An Anonymous Coward writes:
The Zika virus has been known for quite some time, but it gained notoriety recently due to its possible linkage to birth defects.
Science News has a summary report on Zika virus: https://www.sciencenews.org/article/special-report-heres-what-we-know-about-zika
A report on the studies of its possible linkage to microcephaly, a birth defect of babies with undersized and underdeveloped brains: https://www.sciencenews.org/article/how-zika-became-prime-suspect-microcephaly-mystery
In short, studies are continuing, evidence is mounting, but still not quite a confirmation.
We still won't know what happened decades after this, because there will be no model making falsifiable predictions ever tested.
And... do we really need to know [soylentnews.org]?
Double blind just minimizes inaccurate measurements due to researcher biases. Unless that is the only other explanation for some observation it doesn't help much. Definately a cheap and useful tool that should be used wherever possible though.
As a group, biologists don't seem to put much effort into figuring out the consequences of their theories or designing studies to rule out as many explanations as possible. That is probably why.
"Under the most carefully controlled conditions of light, temperature, humidity, pressure, and nutrient concentrations, the organism will do whatever it damn well pleases."
- every biologist ever.
That is just because hey are bad at their jobs. My experience was very similar to this:
For example, there have been many experiments running rats through all kinds of mazes, and so on—with little clear result. But in 1937 a man named Young did a very interesting one...He finally found that they could tell by the way the floor sounded when they ran over it...That is the experiment that makes rat‑running experiments sensible, because it uncovers the clues that the rat is really using—not what you think it’s using. And that is the experiment that tells exactly what conditions you have to use in order to be careful and control everything in an experiment with rat‑running...he subsequent experiment, and the one after that, never referred to Mr. Young. They never used any of his criteria of putting the corridor on sand, or being very careful. They just went right on running rats in the same old way, and paid no attention to the great discoveries of Mr. Young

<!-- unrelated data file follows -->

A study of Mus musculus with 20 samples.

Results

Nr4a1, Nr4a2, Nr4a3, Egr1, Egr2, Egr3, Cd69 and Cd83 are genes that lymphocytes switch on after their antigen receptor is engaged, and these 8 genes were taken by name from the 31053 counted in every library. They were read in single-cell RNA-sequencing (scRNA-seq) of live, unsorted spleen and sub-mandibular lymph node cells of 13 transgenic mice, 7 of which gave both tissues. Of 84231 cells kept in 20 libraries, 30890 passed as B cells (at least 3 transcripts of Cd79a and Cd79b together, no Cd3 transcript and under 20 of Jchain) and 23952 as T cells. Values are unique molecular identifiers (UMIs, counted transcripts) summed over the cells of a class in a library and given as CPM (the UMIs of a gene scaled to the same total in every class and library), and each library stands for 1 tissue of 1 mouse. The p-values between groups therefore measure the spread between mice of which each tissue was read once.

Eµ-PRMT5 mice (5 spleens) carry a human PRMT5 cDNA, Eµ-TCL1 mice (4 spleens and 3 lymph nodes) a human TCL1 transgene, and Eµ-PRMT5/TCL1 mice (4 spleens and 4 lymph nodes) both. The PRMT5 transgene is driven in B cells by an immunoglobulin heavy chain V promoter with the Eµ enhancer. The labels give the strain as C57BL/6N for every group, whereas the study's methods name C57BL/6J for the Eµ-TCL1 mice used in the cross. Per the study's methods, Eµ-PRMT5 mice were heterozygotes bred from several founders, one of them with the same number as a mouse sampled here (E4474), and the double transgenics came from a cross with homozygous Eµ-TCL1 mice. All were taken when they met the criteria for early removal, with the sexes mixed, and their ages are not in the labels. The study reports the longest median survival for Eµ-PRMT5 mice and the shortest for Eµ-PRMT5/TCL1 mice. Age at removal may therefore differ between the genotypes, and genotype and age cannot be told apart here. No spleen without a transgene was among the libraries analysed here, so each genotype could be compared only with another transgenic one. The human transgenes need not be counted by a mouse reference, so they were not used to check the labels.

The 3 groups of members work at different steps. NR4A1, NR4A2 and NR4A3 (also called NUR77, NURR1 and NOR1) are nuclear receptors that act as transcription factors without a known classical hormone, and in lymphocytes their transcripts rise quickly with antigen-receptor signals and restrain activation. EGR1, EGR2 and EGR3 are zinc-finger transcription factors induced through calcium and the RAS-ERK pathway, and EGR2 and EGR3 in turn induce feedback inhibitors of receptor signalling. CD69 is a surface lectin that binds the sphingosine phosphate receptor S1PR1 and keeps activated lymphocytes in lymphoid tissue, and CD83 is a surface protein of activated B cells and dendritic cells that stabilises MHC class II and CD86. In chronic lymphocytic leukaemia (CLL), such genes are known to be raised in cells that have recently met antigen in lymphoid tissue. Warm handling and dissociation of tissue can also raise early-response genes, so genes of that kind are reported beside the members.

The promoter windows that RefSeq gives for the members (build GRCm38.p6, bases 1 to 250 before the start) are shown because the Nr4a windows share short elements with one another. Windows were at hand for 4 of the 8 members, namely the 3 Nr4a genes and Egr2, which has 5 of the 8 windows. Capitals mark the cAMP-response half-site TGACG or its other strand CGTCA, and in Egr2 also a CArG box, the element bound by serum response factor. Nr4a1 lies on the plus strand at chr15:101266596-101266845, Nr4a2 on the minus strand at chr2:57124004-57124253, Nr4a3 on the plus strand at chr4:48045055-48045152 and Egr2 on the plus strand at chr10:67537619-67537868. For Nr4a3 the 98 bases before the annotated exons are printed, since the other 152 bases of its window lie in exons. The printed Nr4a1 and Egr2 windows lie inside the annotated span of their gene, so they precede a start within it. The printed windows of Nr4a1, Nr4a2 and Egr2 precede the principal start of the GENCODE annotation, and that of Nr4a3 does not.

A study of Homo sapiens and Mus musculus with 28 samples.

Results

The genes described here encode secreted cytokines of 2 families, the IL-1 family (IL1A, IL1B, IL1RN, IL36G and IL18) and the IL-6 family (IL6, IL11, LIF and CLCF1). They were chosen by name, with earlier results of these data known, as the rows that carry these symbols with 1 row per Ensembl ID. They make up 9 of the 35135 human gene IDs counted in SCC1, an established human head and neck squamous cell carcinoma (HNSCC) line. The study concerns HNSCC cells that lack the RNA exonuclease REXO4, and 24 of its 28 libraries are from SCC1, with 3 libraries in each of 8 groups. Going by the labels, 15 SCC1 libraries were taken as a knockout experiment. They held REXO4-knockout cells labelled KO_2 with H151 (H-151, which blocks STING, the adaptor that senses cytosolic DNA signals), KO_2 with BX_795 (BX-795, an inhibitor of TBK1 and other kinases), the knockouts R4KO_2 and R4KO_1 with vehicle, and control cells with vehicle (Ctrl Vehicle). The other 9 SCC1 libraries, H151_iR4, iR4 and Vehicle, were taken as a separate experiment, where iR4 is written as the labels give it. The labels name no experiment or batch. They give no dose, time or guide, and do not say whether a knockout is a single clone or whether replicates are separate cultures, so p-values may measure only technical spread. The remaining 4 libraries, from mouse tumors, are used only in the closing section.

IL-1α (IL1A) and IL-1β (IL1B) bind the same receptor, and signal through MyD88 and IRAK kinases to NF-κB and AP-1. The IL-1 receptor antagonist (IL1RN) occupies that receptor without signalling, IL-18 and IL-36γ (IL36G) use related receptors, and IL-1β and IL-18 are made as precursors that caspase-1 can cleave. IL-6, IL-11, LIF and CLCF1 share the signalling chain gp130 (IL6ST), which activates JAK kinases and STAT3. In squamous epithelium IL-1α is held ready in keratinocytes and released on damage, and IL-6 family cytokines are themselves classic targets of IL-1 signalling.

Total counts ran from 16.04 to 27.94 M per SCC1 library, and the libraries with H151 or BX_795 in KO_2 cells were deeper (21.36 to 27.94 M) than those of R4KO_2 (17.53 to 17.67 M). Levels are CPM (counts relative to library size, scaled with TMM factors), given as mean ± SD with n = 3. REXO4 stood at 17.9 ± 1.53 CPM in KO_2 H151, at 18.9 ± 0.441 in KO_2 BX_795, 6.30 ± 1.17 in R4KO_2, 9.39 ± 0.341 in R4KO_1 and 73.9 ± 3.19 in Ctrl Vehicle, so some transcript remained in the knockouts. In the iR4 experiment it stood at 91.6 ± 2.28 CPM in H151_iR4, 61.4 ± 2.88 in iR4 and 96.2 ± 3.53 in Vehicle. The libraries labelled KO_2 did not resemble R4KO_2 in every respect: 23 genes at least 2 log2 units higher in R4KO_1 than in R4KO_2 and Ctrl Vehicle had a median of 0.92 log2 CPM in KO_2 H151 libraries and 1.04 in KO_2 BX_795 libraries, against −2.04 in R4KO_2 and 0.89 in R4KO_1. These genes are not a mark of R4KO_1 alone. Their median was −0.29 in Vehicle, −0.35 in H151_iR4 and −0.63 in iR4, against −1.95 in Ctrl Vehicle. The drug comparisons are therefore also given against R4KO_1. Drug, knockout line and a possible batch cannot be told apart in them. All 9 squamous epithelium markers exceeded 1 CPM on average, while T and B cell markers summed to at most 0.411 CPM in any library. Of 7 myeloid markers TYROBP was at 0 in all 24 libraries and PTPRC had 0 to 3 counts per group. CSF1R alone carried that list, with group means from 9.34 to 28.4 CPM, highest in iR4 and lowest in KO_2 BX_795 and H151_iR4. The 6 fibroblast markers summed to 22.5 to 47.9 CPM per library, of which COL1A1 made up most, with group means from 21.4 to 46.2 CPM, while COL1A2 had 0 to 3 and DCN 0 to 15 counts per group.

People in these areas do NOT want to do the necessary work, they prefer to come up with excuses about how it is all "so complicated".
Infectious disease is easier to demonstrate than psychology studies.
We don't really want to know. Should it turn out that Zika is beneficial, the public health authorities who warned against it will be embarrassed.